Portrait miniature of Richard Barwell (1741-1804), wearing blue coat, white waistcoat, frilled chemise and stock, his powdered hair worn en queue and tied with a black ribbon bow, c. 1786

George Engleheart (1750/3-1829)

Portrait miniature of Richard Barwell (1741-1804), wearing blue coat, white waistcoat, frilled chemise and stock, his powdered hair worn en queue and tied with a black ribbon bow, c. 1786

George Engleheart (1750/3-1829)


£3,750

Materials:

Watercolour on ivory

Dimensions:

Oval, 1 7/16 in (37 mm) high

Provenance:

Bonhams, London, Fine Portrait miniatures including the Judy and Brian Harden Collection, 25 May 2011, lot 14; Private Collection UK

Frame:

Gilt-metal frame with diamond border, rectangular red leather travelling case

Having amassed a fortune (one of the wealthiest ‘nabobs’ contemporary rumours stated that he returned with £400,000), Barwell retired to Sussex and purchased Stanstead Park as his main seat.

Richard Barwell was born in Calcutta, the second of four sons born to William Barwell (1705-1769), Governor of Fort William, Bengal (later a director of the East India Company) and Elizabeth Pearce. The Barwell family had connections going back to the 1680s with East India. Richard was educated in England but returned to Calcutta, holding appointments with the East India Company from 1756. He became a member of the Council in Bengal under Warren Hastings PC (1732–1818), the first Governor-General of India, of whom he was a constant supporter. His time in India was marred, however, by scandal – heavy losses at the gaming table coupled with his taste for amorous adventure made him the subject of a pamphlet entitled The Intrigues of a Nabob; or Bengal the Fittest Soil for Lust. [1]

Having amassed a fortune (one of the wealthiest ‘nabobs’ contemporary rumours stated that he returned with £400,000), Barwell retired to Sussex and purchased Stanstead Park as his main seat.[2] He purchased additional land and property in this area as well as a house in St. James' Square, London. He became MP for Helston 1781-1784, St. Ives 1784-1790 and Fort Winchelsea 1790-1796.

This portrait by the brilliant and prolific artist George Engleheart capture’s Barwell’s ‘easy and pleasant’ disposition, giving the sitter a slight smile.[3] The miniature may have been painted the year after he married his second wife, Catherine Coffin of Boston, Massachusetts (a ‘Capt’ Barwell is recorded in Engleheart’s fee book of 1786). It seems from a contemporary description of the wedding that Barwell’s new wife was extremely young (he was 44 at the year of their marriage); ‘While I was at Uppark a marriage took place near there that surprized most people. Mr. Barwell, the great East Indian of Stansted, to Miss Coffin, a very pretty little girl not 16, of American extraction.’ [4]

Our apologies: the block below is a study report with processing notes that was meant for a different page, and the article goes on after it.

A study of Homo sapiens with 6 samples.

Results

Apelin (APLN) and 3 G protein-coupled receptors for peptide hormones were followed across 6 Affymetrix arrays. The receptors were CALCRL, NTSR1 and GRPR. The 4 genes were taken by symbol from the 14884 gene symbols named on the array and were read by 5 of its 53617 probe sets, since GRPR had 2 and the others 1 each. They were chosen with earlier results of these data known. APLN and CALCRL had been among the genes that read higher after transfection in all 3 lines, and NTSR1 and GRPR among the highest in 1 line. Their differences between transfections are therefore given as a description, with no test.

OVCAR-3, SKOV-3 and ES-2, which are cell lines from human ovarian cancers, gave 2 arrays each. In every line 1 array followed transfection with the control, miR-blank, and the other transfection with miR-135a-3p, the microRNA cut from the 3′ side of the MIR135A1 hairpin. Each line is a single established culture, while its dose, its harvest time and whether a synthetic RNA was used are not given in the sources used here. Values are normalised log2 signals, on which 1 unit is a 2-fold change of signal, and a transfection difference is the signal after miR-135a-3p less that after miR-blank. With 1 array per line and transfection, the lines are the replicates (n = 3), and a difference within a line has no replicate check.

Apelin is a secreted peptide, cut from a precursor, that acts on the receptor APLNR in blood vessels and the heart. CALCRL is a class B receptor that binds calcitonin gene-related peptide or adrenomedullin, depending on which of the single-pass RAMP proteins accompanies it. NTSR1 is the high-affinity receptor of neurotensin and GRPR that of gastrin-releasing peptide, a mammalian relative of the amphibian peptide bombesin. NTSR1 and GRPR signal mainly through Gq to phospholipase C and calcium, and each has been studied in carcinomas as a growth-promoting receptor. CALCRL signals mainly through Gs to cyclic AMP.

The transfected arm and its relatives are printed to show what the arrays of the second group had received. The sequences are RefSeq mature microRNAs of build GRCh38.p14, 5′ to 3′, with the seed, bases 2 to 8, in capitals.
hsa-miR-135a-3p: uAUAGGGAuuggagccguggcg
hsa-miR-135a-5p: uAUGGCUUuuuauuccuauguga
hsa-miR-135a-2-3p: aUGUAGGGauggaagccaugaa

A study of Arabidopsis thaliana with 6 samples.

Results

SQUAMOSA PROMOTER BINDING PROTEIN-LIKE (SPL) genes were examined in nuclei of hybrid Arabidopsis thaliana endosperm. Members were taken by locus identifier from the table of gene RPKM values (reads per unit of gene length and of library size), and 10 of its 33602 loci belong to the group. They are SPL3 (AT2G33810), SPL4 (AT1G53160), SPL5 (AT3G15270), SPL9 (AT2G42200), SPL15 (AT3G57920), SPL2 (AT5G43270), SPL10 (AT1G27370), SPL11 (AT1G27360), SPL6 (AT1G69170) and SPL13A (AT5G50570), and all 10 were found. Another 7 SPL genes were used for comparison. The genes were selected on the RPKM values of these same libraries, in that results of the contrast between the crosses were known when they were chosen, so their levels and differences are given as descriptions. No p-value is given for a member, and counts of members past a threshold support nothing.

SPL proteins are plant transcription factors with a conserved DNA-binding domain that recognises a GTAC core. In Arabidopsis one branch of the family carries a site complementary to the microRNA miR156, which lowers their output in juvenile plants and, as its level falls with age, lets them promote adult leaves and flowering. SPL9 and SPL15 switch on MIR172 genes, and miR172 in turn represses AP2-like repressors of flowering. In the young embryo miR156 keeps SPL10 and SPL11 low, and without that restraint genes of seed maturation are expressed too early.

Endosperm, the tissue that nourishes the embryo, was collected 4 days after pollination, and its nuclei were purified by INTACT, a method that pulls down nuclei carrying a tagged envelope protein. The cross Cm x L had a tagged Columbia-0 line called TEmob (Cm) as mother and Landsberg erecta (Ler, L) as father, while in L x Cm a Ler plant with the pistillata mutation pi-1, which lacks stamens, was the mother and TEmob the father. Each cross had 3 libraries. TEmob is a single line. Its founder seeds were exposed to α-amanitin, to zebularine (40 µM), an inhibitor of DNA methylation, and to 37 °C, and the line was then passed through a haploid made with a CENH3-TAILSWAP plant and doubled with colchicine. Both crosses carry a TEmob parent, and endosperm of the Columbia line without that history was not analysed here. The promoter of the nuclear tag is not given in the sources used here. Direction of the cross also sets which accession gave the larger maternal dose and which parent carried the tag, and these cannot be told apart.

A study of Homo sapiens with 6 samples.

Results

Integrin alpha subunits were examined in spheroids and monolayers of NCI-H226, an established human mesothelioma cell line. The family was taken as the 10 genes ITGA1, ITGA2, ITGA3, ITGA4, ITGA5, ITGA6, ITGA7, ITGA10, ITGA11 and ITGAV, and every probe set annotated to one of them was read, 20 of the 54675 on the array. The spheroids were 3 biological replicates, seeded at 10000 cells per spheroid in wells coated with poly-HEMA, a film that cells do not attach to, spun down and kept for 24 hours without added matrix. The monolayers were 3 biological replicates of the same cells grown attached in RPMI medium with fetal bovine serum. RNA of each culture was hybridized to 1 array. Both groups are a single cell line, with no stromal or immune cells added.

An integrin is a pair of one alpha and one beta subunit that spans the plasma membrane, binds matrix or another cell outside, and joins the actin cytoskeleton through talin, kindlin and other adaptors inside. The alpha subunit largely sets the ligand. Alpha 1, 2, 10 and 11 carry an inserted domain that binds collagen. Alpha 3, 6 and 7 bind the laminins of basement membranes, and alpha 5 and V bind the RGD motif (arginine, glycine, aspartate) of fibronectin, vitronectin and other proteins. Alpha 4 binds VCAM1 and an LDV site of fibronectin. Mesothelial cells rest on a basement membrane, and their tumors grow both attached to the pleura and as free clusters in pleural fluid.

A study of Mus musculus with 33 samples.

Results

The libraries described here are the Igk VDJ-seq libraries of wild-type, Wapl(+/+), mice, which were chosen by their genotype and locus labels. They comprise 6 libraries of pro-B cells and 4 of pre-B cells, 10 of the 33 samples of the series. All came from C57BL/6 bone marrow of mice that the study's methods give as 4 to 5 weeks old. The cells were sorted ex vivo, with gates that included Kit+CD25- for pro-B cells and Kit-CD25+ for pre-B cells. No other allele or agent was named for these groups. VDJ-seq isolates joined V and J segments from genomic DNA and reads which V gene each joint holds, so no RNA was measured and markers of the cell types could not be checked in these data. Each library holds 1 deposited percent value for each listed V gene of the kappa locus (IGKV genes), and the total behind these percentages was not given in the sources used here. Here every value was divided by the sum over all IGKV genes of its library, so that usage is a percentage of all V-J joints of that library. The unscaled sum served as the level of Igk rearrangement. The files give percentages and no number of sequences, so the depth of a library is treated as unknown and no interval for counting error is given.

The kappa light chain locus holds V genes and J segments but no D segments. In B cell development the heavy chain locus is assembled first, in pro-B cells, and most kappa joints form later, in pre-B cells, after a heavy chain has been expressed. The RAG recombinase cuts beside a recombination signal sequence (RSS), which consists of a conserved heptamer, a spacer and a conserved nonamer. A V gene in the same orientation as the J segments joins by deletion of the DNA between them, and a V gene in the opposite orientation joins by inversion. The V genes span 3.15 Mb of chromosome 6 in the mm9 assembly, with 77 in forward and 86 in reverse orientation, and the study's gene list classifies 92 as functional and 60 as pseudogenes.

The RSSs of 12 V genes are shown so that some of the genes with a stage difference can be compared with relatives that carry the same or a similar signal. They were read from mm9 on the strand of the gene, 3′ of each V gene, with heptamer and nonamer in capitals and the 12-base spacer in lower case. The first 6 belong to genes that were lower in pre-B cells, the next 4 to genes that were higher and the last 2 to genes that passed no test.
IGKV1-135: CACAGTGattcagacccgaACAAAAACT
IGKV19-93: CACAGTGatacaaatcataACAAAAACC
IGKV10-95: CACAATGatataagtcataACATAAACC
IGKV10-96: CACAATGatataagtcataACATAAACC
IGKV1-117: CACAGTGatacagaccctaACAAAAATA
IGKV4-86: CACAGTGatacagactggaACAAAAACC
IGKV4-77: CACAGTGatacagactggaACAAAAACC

Barwell had ten children with his second wife and two with his first (Elizabeth Sanderson, who had died of fever in India at the age of twenty-three). He was also well-known for keeping a mistress, Rebecca Lyne, with whom he had four children. The same observer notes ‘he kept a very beautiful mistress close to his park, by whom he has several children, and till very lately he declared most strongly against matrimony. He seems a good-natured man, but the mogul prevails strongly, I think, in his way of life and conversation.’.[5] Rebecca was immortalised in a painting by Sir Joshua Reynolds, entitled ‘Mrs Seaforth and child’ (dated 1787), now in the Lady Lever Art Gallery (Port Sunlight). Barwell himself was painted by Reynolds, who had taught Engleheart, in his library, with his eldest son, also called Richard.[6]


[1] Published anonymously, the author was later revealed as Henry F. Thompson.

[2] Bought from the earl of Halifax for £102,500 in 1781

[3] L. Sulivan, 6 Jan. 1780, Bodl. ms. Eng, Hist. C271, f. 37.

[4] Dear Miss Heber, ed. Bamford, 18.

[5] Ibid.

[6] J. Reynolds, oils, 1780–81; Christies, 17 April 1964, lot 48.